The Madhya Pradesh government had imposed a liquor ban in the district of Ujjain for the duration of the month-long Simhastha Kumbh Mela.
However, for Kaal Bhairav, the presiding deity of a famous shrine in the temple town, it has been business as usual. Between 21 April and 21 May, the god was offered Rs 66 lakh worth of liquor.
While banning the sale of liquor in honour of the Kumbh Mela, the government made an exemption for the Kaal Bhairav temple.
This is because while several deities across the country are propitiated with alcohol, only Kaal Bhairav is supposed to be endowed with the mysterious power of drinking the liquor.
The priest sits in front of the statue and pours the liquor in a stainless steel dish. He then places the dish next to slit that forms the lips of the statue, and Kaal Bhairav ‘drinks’ whatever is served.
Till date, how this phenomenon occurs is a mystery to the scientific community.
So, the government decided to set up two liquor counters right outside the temple premises.
“Keeping in view the Simhastha fair, we opened two liquor counters, one for desi and the other for foreign liquor,” the deputy commissioner (excise), Raghavendra Upadhyay, said. “These shops have saved devotees from getting duped by non-licenced vendors.”
The counters sold liquor in 180ml or ‘quarter’ bottles. And they really helped the government fill its coffers, according to Ujjain division excise officials.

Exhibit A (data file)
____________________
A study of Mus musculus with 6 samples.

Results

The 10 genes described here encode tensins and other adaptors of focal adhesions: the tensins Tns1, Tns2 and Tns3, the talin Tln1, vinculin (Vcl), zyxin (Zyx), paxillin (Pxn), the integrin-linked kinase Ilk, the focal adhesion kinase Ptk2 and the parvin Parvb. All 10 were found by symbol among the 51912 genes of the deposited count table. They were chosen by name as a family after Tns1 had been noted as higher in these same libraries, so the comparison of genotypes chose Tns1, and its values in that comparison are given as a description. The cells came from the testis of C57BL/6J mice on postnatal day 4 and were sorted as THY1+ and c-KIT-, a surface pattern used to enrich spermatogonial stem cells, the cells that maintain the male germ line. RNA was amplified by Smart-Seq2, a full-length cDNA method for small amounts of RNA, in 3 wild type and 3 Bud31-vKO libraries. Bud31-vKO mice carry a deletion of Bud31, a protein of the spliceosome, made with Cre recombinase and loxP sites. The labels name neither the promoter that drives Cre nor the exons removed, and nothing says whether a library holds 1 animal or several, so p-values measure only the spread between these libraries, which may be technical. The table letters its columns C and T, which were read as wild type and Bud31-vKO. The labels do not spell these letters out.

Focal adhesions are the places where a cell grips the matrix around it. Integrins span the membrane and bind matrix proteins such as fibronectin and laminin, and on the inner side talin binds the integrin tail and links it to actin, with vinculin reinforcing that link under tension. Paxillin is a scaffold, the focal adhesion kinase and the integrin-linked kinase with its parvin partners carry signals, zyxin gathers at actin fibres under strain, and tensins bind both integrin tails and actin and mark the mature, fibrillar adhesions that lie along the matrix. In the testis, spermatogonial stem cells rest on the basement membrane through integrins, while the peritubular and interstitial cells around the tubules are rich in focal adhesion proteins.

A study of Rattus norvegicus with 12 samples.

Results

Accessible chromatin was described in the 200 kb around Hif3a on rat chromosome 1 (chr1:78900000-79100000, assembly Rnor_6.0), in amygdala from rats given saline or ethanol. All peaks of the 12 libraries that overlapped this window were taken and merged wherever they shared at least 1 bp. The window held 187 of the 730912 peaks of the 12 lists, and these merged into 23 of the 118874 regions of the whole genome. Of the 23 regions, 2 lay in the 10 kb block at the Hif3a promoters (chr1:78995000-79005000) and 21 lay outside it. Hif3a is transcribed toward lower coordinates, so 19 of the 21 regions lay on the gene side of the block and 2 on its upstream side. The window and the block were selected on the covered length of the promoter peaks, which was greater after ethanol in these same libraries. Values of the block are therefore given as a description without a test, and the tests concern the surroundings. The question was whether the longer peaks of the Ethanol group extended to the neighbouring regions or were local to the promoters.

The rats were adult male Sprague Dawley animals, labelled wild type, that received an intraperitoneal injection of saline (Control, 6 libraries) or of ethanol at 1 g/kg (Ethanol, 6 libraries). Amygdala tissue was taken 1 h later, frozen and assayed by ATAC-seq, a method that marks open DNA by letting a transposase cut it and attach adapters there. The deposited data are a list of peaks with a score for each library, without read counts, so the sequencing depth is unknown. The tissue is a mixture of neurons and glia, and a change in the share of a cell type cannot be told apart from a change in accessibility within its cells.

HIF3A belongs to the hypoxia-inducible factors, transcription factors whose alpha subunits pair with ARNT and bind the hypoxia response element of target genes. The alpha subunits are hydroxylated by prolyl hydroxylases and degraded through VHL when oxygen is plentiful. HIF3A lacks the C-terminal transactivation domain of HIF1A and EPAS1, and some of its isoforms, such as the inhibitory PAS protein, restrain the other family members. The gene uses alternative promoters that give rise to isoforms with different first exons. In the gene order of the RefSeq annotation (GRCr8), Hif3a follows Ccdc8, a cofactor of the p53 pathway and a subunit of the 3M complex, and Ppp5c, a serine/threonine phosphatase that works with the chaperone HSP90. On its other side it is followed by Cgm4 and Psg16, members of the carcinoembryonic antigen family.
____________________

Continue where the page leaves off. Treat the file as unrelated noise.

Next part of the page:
At last count, the figure stood at Rs 66 lakh, but the final figure will certainly go up in the coming few days, when the last few days of the Simhastha Kumbh Mela are taken into account.
Kaal Bhairav is a favourite deity of tantriks. Every day, hundreds of devotees stream into this black stone temple, located right in the middle of a cremation ground, to offer liquor to the god.
The god is an incarnate of Lord Shiva, or ‘MahaKaal’, and the temple is believed to have been built by King Bhadrasen. The temple is mentioned in the Avanti Khanda of the Skanda Purana.
The worship of the eight Bhairavs is a part of Shaivite tradition, with Kaal Bhairav the chief among them. It is believed to have been a part of the Kapalika and Aghora sects in Indian practiced religion, and Ujjain has been a prominent centre for these two sects.
According to the Prithviraj Bharati, priest at the famous Mangalnath temple in Ujjain, liquor is offered to the god because it forms one of the five rituals of tantra – Madira (liquor), Mudra (gesture), Maithun (copulation), Mans (meat) and Meen (fish).
In the olden days, all five Ms were offered to the deity. But priests say that now, apart from liquor, the other four rituals are performed only symbolically.
The Logical Indian condemns government for taking such steps to increase the sale of liquors and at the same time for encouraging superstition. The government should immediately roll-back the decision. The irony is government fails to provide clean drinking water to devotees in these kind of festivals but talk about arrangement of liquor, there is no mismanagement. We also appeal to people to use their sense and not fall for it. Hasn’t time has come to stop this tradition?